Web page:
New Delhi: The department of telecommunications (DoT) is seeking legal opinion on whether it can avoid consulting the Telecom Regulatory Authority of India (Trai) before making changes to existing rules that govern the telecom sector.
DoT and Trai have been lately sparring over the former’s decision to alter licence terms under which telecom firms operate second-generation (2G) mobile services.
“We have asked for a legal opinion since a number of issues have come up in the past that have led to some friction between Trai and DoT,” a DoT official said.
Photo: Harikrishna Katragadda / Mint
Another official confirmed that DoT was in talks with lawyers and the law ministry on the issue. Both spoke on condition of anonymity as they are not authorized to speak with the media.
The Trai Act makes it mandatory for DoT to consult the regulator before introducing new policies or licences for new technologies, such as high-speed third-generation (3G) mobile telephony. But the law is vague on the DoT’s freedom to tweak rules governing existing technologies, such as 2G services.
Until now, DoT has followed the norm of referring even minor changes to Trai. But it wants to change that now, after Trai said it should get the regulator’s opinion before changing policy regarding a so-called uniform licence fee for telecom companies.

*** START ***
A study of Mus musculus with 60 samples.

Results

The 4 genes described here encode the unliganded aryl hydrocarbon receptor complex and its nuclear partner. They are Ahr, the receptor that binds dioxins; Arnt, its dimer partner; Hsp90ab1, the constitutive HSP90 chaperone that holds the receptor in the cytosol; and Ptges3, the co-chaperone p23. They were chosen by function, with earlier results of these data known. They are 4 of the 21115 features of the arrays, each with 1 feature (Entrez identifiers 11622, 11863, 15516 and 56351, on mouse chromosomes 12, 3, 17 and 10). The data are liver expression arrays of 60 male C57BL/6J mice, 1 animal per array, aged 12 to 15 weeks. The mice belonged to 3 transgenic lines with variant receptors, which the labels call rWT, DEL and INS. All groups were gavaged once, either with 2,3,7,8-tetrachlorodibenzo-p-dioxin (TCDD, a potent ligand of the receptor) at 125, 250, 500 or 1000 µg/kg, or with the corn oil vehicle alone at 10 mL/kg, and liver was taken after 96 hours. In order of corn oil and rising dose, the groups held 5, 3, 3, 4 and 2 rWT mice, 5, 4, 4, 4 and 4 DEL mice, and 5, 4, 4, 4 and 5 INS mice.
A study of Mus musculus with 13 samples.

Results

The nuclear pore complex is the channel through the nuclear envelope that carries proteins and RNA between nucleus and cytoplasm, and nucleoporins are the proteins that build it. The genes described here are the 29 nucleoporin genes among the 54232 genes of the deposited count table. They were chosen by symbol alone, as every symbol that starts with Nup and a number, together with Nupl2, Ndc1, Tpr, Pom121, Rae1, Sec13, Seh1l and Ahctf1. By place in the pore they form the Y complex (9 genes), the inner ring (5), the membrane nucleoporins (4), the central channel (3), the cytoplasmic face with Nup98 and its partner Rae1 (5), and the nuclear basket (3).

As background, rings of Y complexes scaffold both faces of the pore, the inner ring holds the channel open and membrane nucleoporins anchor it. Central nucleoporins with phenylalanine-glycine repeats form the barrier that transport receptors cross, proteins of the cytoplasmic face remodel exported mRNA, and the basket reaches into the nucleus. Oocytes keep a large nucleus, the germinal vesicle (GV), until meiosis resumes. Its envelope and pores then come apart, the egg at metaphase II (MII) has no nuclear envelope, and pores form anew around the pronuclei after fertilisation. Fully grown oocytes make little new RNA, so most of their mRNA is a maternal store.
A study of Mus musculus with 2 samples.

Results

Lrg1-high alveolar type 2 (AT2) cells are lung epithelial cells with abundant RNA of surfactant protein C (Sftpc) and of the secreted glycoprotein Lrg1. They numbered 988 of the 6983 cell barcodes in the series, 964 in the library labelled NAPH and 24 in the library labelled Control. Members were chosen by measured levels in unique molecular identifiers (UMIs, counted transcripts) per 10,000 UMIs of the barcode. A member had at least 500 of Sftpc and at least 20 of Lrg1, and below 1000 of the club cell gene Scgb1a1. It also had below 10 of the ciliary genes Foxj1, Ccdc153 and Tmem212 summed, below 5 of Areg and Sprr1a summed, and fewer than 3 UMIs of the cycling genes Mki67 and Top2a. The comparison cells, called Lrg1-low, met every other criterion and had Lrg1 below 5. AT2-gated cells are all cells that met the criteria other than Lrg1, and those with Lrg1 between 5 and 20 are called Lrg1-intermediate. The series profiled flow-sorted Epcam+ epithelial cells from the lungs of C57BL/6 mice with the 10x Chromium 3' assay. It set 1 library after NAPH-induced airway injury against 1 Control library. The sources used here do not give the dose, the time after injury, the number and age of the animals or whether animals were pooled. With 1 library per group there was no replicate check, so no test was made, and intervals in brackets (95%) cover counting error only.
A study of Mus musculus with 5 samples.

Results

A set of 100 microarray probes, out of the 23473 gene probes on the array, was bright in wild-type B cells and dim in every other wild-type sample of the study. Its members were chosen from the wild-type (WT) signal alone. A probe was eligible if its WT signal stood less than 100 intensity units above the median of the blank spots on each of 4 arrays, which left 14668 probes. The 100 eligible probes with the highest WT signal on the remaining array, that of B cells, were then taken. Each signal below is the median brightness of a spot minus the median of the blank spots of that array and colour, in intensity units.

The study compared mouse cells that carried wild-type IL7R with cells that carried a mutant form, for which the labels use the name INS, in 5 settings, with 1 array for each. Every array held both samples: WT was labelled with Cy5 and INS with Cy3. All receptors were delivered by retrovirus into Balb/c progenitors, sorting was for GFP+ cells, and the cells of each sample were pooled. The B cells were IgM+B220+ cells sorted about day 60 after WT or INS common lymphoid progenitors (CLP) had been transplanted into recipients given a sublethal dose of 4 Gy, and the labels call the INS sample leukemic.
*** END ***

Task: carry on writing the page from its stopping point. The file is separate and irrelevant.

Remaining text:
A DoT panel had recommended that telecom firms be asked to pay a consolidated 8% licence fee for 2G services, instead of paying under different heads. The move followed allegations that telcos were reporting their revenues under heads that faced lower fees to reduce overall payment.
But Trai told DoT it should take the watchdog’s opinion before changing the policy, to which the government agreed. The issue was clubbed with Trai’s recommendations on overall 2G spectrum management and licence terms, in which the regulator proposed a uniform licence fee of 6%.
Mahesh Uppal, regulatory expert with Com First India Pvt. Ltd, said DoT does not need to ask for the regulator’s opinion for changing existing licences, but it has to do so for bringing in larger changes. “They are not expected to ask, but are obliged to.”
“Sometimes it is just better to go to Trai as many of the companies use it as a tool in the courts if we don’t go,” the second official quoted above said. “DoT is limited in this aspect as it cannot hold consultations with the industry like Trai can.”
The issue has wider ramifications as DoT is currently reviewing Trai’s recommendations on 2G spectrum management and licensing, which have been criticized by telecom companies.
A Mumbai-based analyst with an international brokerage firm said on condition of anonymity that if legal experts agree DoT does not need Trai’s approval for tweaking existing rules, it will heavily undermine the watchdog’s authority.